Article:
Gerald T. Gardner and Paul C. Stern, 1996
Read November 2010
I find myself continually drawn to Paul C. Stern’s work, and this book, written with Gerald T. Gardner, is no exception. Although it contains themes that I read elsewhere, it is a seminal work in the field of environmental psychology that I felt I should become familiar with. The authors look at how people’s behavior relates to and can solve environmental issues. They take a systemic approach, examining how human behavior fits into the larger system that affects environmental issues, and human behavior’s abilities and constraints. They outline in detail four approaches often used to attempt to change behavior: religious and moral approaches, educational interventions, incentives, and community management. The chapter on educational interventions, which focuses on providing people with information, was most relevant to my thesis. In addition, I found Chapter 9, on risk perception, quite interesting, as well as Chapter 7, in which the authors summarize key lessons from successful environmental programs.
In Chapter 4, on educational interventions, the authors clearly lay out what education can and cannot accomplish. Education can help solve social problems, they write, but it is rarely sufficient on its own. Why is this?
Although information can help change people’s attitudes and beliefs,“many barriers, both within individuals and in their social and economic environments, can keep proenvironmental attitudes from being expressed in action” (73).
Barriers, in other words, can be internal or external. A lack of information can be a serious barrier to action
“because it is not always obvious to an individual how to act effectively on his or her attitudes” (80).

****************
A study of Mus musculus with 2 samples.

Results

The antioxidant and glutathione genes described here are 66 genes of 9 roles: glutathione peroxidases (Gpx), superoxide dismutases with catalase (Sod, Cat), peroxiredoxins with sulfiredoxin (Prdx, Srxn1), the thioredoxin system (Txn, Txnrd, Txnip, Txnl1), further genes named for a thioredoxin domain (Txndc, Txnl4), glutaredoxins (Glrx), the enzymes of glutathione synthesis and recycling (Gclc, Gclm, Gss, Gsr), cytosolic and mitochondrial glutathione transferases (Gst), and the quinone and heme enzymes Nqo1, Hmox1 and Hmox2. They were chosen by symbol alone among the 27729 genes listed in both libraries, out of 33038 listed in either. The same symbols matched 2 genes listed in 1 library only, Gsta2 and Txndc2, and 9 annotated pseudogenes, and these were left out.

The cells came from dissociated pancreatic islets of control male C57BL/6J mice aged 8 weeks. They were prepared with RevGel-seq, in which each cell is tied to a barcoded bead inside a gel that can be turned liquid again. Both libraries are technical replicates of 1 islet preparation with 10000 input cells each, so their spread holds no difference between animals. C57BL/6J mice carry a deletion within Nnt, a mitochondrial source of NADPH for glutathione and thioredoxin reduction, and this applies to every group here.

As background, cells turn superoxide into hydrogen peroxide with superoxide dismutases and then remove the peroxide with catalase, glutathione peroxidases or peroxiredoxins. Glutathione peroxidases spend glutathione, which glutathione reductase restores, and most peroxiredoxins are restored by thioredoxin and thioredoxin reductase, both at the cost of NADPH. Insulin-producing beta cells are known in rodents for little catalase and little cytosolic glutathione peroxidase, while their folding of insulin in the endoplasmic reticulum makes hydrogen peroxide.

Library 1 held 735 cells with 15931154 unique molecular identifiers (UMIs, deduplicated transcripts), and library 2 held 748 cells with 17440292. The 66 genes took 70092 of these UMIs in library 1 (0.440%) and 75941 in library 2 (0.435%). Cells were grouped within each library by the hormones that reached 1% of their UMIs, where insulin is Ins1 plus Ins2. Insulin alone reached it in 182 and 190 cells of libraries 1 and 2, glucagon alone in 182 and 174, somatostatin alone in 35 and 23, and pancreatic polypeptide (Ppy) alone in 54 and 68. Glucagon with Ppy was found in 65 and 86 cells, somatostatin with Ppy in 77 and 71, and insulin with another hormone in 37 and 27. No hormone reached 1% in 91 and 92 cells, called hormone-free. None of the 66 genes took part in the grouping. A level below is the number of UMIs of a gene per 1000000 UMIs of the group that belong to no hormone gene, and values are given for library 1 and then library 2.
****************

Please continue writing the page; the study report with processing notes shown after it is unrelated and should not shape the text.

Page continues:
But if external barriers keep a person from taking action, then it is useless to try to address the situation by providing individuals with information.
In their conclusion to Chapter 4, Gardner and Stern outline what education can accomplish (92–93). An information-based approach works best with simple, low-cost behaviors, when behaviors are compatible with the audience’s deeper values, when the educational materials are designed according to psychological principles of communication, and when the approach is combined with other intervention strategies. For my thesis case study, I have chosen a behavior that largely fits within these guidelines, so it makes sense to continue to use an educational approach in my prototype.
Gardner and Stern also give tips for successful informational programs, most of which are familiar to me from various other readings.
- First, make sure to give feedback; that is, tie information directly to people’s behavior. This principle is often cited in design research.
- Have people with whom the audience identifies model the desired behavior.
- Pay attention to framing, which can influence people’s behavior. Here, the authors reference the theory of loss aversion, which states that losses are felt more keenly than gains.
- Use timely, specific reminders and prompts—another insight which many designers utilize.
- Make use of attitudes and norms; that is, “call people’s attention to attitudes and beliefs that they already have, but that they may not connect to the situation they are in” (87).
What is most interesting to me about these tips is that many of the same ideas have been adopted by designers interested in behavior change; however, we have not “discovered” these methods, nor are they unique to our field.
Chapter 7, “Lessons of Successful Environmental Programs,” was exciting to read because many of its themes echo tenets of human-centered design. For example, some of the lessons include
- designing interventions from the audience’s perspective;
- presenting information in an attention-grabbing, concise way;
- creating programs in an iterative manner; and
- utilizing participatory methods of decision making when possible.
In addition, the authors suggest using multiple intervention types, setting realistic expecta-tions about the outcome of the intervention, and addressing situational factors which are beyond the individual’s control. The latter is a reminder that situational barriers such as policies, costs, etc., can be extremely important. Unfortunately, this is the area in which the designer’s abilities are often most limited.
I found this book quite useful, not only because it cites many studies measuring actual behavior change and results, but also due to its holistic approach. The authors take both a macro- and a micro-view, looking at the entire system affecting environmental behavior, as well as at detailed case studies.